Fibromyalgia can cause breast pain, and so can breast cancer. Is there a difference in the way a woman would feel these different sources of pain?

Though pain in a breast from cancer isn’t a hallmark or common feature of this disease, it does happen.

“Since pain is always a symptom, not a diagnosis, and fibromyalgia is a constellation of symptoms including painful trigger points, fatigue and activity intolerance that make up a diagnosis of exclusion — that is, after other organic causes of pain have been ruled out — you’d never want to assume breast pain or a ‘trigger point’ that could be mistaken for a breast lump is a benign finding that could be part of a diagnosis of fibromyalgia,” explains Melissa Franckowiak, MD, an anesthesiologist in Lockport, NY, who treats people with fibromyalgia.

“Pain of fibromyalgia can be complex and present in any number of areas, including around the musculature of the breast,” continues Dr. Franckowiak.

“However, any lump or new finding needs to be properly examined by a physician and evaluated with modalities including mammography, MRI or sometimes a biopsy to know for sure.

“Typically, breast cancer presents with painless lumps, but patients who have had surgery on their breast to remove a breast lump or cancer, can present with involvement of the nerves that innervate the area.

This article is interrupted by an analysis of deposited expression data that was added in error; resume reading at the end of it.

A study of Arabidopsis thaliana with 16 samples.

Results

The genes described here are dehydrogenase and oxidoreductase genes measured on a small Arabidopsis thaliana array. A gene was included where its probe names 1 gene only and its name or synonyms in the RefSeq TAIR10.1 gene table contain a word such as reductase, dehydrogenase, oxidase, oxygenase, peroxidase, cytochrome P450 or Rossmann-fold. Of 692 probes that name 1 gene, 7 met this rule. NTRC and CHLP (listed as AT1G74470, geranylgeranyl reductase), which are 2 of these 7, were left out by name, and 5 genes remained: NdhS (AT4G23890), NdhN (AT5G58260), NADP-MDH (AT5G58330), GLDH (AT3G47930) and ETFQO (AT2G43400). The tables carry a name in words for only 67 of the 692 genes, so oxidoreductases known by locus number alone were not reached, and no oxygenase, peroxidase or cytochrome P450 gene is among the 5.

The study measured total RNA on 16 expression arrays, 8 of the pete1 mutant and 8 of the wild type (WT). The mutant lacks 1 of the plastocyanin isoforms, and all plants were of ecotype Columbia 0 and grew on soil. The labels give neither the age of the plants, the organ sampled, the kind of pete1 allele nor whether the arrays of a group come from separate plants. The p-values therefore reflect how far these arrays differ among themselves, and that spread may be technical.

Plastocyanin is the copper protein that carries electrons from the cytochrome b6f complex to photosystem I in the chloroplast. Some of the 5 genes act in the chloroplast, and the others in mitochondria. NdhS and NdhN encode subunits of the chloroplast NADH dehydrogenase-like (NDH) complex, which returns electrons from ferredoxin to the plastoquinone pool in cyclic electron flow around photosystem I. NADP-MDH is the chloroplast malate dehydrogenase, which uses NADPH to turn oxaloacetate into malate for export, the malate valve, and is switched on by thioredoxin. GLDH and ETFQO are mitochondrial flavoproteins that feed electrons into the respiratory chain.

“Most of the cutaneous sensation of the breast is supplied by the T2-5 intercostal nerves.

“The brachial plexus is a group of nerves deep in the armpit that supply the lateral and medial pectoral, throraco-dorsal and long thoracic nerves.

“The nerves provide myofascial sensation to the chest wall musculature and can be a source of myofascial pain after mastectomy.

“This could be confused with fibromyalgia pain, and without a proper workup by a physician, neither can be definitively ruled in or ruled out based on pain symptoms.”

Don’t ever assume “it’s just the fibro” when pain starts kicking up in a breast, even if it’s both of them in the exact same spot. You should report this to your gynecologist, even if it turns out to be transient.

Dr. Franckowiak is the inventor of two patented medical devices and the CEO of Pneumaglide, providing airway solutions to the surgical services and emergency medical services communities. A fiction writer under the name of Melissa Crickard, she is the author of “The Labrador Response” and “Another Five Patients,” available on Amazon.